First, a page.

Folke Filbyter

Folke Filbyter

Swedish legend portrays Folke Filbyster as the pagan founder of the Folkung Dynasty.  His grandson was kidnapped by Christian monks.  Folke spent twenty-five years searching for him on horseback and later finds him in the King’s service.  The artist, Milles, depicts this quest by showing his terrified horse fording a treacherous stream and a frightened Folke counterbalancing the horse’s movements.  His cognomen Filbyter is believed to mean “foal biter” and refers to a man who castrates colts with his teeth.  Maybe this is the real reason that his horse is terrified.  Anne and I saw this statue on our walk, on Saturday morning.

Over a week ago Anne and I rented the documentary, earth.  It was originally released into theaters, earlier this year, on Earth Day. It is the first film in a new Disney nature series.  Narrated by James Earl Jones, the movie tells the story of three animal families and their journeys across this planet.  earth combines action, scale and location and captures intimate moments of our planet’s wild and elusive creatures.  It is a gorgeous movie.  It was five years in the making and its production values boasts over one-hundred and fifty days on filming from the air.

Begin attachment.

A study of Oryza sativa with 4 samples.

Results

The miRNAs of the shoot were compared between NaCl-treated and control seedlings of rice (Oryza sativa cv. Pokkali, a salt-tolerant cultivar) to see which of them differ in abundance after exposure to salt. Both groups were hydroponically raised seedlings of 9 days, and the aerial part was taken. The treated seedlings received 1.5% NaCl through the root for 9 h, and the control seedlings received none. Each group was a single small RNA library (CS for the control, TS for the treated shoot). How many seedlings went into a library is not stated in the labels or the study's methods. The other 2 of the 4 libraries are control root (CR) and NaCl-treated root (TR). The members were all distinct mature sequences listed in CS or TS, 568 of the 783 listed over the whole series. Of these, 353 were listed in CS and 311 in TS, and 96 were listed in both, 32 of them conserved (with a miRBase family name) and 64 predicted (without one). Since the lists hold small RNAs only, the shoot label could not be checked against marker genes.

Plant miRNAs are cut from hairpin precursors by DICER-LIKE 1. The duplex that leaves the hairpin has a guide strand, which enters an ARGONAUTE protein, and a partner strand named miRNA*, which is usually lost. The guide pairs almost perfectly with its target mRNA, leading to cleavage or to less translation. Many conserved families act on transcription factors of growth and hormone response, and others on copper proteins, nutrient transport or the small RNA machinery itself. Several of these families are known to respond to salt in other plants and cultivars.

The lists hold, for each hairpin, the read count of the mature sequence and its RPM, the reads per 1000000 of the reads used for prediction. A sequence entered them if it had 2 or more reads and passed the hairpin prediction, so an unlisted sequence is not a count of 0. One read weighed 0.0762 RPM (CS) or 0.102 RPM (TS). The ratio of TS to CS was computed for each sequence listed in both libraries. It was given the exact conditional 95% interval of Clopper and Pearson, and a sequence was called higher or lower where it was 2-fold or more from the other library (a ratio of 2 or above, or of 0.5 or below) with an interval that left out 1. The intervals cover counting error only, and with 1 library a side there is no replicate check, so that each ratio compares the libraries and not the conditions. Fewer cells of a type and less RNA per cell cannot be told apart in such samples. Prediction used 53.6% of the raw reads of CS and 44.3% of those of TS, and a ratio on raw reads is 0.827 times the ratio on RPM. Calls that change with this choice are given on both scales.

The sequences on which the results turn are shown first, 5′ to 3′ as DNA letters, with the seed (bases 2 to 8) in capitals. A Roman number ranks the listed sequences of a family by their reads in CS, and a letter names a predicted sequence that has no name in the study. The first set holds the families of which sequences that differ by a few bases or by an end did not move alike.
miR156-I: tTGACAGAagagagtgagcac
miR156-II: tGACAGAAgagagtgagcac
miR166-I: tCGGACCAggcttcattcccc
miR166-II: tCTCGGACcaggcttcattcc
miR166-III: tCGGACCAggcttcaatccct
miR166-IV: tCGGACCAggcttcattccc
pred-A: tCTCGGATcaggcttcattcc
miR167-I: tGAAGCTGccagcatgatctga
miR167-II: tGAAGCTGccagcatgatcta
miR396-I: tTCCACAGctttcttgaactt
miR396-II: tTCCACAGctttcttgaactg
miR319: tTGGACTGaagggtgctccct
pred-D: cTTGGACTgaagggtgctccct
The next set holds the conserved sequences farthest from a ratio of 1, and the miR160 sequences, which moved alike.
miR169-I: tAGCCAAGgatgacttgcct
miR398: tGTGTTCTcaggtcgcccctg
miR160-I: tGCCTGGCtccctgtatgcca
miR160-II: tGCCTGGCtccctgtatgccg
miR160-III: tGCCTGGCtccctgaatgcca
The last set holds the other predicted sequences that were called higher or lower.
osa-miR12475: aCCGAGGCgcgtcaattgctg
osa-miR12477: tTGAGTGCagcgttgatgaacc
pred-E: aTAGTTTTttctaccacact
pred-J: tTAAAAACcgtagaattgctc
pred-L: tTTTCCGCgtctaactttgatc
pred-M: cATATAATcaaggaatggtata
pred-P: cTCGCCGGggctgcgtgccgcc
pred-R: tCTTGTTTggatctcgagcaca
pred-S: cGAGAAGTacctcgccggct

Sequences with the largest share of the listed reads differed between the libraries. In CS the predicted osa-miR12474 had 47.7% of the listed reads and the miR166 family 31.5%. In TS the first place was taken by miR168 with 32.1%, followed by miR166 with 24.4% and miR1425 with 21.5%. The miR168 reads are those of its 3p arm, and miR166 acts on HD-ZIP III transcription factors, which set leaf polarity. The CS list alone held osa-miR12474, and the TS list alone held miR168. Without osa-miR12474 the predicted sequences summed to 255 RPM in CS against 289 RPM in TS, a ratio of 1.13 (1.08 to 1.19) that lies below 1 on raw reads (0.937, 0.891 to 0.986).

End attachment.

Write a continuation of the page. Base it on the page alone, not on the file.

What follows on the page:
On NPR’s On the Media, a news show that tries to tell the behind the scenes stories of the news business, there was an expose this week about nature documentaries.  Instances of fraud that were illustrated in the article include such notable nature documentaries as Wings of Migration.  Many of the birds that were filmed while in flight were not wild birds at all, but instead were farmed raised birds and they weren’t migrating.  March of the Penguins made the assertion that the penguins that were filmed, mated for life, they don’t, it was an editorial decision to lie.  Monogamous penguins were thought to be more marketable then their real natures.

So what constitutes the difference between a fraud and a legend?  Is it simply the passage of time?  earth was not mentioned at all in the On the Media  article, but it still suffers from association with its competition.  There was one thing that all three movies were true to and that was their beautiful nature photography.  It was only with their narrator’s voiceovers that two of them got into trouble.  Maybe like the silent statue of Folke Filbyster, the viewer should be allowed to invent their own stories and ask their own questions.  Like, how the heck did a statue of Folke Filbyster end up outside the fire station in downtown Clayton?